Digital-Savvy Millennials Will Sacrifice Privacy for Personalization, Says Leo Burnett Exec

And that's good news for marketers

BARCELONA, Spain—Marketers have grappled with privacy regulations for years, but the rise of younger generations who are accustomed to receiving targeted digital ads may finally be changing the game for retail brands.

Speaking during a panel titled "Retail: Convergence of digital and physical," Nick Jones, evp of innovation and growth at Leo Burnett's Arc Worldwide retail practice, said millennials and Gen-Z  are warming to technologies like NFC (near field communication) and mobile payments that deliver personalized content such as coupons or videos.

"By definition, things like NFC are opt-in because the shopper is making a decision to tap the product," he said. "The new generation of millennials and even younger audiences are getting more familiar with that kind of blended world where there isn't quite as much of a protection of privacy.

"Frankly, they've kind of grown up with the personalization of content where I'm aware of where you've shopped, where you left a [shopping] basket, and I'm going to remind you. They see that more as a value than necessarily an intrusion of their privacy."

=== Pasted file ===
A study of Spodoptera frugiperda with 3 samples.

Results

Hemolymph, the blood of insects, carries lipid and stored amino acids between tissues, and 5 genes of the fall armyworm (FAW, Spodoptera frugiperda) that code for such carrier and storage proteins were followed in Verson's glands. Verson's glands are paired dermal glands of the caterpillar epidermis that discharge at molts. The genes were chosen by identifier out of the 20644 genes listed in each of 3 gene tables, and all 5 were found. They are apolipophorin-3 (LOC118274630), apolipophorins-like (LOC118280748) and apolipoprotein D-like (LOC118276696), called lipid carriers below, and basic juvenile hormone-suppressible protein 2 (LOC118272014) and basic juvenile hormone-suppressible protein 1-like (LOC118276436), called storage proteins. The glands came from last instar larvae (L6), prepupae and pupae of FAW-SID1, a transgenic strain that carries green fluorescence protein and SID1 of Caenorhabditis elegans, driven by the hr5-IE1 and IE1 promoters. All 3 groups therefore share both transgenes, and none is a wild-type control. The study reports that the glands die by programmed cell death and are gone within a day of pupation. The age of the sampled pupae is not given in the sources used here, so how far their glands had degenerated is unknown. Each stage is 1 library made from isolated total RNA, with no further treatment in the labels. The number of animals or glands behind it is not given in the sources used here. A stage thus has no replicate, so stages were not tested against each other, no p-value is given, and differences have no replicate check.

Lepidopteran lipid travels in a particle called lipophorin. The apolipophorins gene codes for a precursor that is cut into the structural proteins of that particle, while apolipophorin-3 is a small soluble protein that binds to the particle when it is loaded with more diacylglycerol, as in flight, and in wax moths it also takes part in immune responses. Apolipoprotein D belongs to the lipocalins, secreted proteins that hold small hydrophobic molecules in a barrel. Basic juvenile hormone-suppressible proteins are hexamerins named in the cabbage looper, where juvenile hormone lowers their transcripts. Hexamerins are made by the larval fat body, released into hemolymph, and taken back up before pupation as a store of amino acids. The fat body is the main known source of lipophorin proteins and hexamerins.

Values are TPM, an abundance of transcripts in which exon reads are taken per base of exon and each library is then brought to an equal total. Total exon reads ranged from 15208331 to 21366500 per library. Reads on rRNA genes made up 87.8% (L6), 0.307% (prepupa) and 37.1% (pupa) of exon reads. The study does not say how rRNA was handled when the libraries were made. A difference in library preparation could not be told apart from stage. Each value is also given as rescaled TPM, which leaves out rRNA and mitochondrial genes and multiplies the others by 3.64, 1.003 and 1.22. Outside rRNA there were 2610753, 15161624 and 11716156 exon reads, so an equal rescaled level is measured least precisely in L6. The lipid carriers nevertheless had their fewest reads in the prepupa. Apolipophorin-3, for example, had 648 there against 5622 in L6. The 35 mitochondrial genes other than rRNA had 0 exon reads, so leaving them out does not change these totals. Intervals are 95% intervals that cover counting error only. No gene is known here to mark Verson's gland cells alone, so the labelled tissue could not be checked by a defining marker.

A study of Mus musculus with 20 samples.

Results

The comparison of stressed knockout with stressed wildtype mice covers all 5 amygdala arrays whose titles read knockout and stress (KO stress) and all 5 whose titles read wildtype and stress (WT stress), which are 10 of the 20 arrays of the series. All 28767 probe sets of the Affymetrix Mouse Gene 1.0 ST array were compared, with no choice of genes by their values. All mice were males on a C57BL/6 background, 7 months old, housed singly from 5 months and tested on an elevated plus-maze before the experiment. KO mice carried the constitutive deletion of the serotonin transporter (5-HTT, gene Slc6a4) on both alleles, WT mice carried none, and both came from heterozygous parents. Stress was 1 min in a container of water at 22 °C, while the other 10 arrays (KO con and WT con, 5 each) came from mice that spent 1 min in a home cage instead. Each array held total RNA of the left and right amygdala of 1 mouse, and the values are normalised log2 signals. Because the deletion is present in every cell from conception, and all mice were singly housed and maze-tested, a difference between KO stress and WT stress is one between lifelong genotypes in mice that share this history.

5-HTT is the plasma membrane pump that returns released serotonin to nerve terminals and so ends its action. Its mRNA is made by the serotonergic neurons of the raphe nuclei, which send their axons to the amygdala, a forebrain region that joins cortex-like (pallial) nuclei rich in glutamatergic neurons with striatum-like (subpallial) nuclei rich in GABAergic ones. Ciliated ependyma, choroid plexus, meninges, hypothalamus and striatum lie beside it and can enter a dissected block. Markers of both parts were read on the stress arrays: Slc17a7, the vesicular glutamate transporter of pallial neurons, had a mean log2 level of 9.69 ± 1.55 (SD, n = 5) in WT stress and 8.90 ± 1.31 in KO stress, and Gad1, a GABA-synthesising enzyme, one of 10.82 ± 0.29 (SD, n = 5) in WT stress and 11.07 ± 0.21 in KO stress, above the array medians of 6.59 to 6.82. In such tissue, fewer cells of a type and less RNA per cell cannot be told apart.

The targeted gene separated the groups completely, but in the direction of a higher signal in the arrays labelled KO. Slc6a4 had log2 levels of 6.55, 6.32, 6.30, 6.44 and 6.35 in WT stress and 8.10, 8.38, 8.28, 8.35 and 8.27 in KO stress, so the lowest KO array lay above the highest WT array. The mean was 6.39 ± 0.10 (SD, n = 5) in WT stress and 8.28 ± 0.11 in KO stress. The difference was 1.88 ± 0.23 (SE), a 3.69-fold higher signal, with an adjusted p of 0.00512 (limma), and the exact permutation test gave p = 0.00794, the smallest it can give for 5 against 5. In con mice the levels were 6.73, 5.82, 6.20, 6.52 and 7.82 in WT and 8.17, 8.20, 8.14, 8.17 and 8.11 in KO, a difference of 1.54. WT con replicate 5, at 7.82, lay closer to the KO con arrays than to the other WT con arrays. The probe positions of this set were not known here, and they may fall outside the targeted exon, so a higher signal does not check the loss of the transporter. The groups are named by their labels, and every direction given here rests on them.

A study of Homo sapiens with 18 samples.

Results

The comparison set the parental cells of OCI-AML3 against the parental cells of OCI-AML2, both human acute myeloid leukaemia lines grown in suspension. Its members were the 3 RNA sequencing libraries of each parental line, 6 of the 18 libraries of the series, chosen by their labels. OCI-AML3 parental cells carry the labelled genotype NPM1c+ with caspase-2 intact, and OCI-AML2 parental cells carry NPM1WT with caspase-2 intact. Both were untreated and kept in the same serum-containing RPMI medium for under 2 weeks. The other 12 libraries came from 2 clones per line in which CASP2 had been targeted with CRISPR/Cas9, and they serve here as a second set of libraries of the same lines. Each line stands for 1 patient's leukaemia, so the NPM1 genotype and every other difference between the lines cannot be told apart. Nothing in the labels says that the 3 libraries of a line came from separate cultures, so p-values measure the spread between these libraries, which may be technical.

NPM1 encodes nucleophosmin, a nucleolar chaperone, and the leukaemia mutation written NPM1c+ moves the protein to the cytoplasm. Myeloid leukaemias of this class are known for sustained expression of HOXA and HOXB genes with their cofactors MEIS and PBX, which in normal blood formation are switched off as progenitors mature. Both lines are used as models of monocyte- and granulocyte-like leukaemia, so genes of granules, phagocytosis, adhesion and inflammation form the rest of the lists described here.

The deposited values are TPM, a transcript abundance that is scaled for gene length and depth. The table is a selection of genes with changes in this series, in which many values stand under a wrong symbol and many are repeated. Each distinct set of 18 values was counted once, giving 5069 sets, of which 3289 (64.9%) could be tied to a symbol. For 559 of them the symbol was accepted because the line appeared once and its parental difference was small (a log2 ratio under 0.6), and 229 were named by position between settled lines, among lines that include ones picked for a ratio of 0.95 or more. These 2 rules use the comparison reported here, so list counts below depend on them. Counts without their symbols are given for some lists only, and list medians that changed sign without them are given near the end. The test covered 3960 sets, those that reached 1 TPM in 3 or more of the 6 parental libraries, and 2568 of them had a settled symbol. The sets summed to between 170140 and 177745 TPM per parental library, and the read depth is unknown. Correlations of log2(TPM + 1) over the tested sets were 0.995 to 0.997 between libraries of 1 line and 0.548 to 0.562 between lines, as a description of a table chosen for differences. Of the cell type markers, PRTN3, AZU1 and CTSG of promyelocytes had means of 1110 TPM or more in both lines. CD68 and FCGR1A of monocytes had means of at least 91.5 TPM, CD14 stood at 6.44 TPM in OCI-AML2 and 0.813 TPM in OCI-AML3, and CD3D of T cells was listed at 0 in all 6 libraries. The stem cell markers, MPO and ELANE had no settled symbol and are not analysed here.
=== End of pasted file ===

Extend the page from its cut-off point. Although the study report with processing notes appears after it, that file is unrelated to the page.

Victor Ortiz, director of mobile retail engagement at Toys "R" Us, added that targeted marketing—like a coupon delivered to an in-store shopper—is a way to lower privacy concerns.

"If we're finding the right moment to reach out to you, and it's something you find helpful, you avoid that creep factor," he said.

To that point, Toys "R" Us is starting to design mobile experiences for specific use cases. For example, its mobile site includes a click-to-call button that people can use to contact a store, and that saves coupons and offers to be redeemed in person.

Oritz backed up his point with recent data that IBM Watson gathered after the holidays. On Cyber Monday, tablet and mobile traffic made up roughly half of all Web traffic. But when it comes to conversions, mobile-generated sales only made up 25 percent of desktop's revenue.

"That doesn't necessarily mean that 75 percent of these sessions are failing, they're doing other things," he said. "[We're] starting to think about different measurements of success—how often are they searching for stores? Are they clicking on the call button on your store page and asking for information?"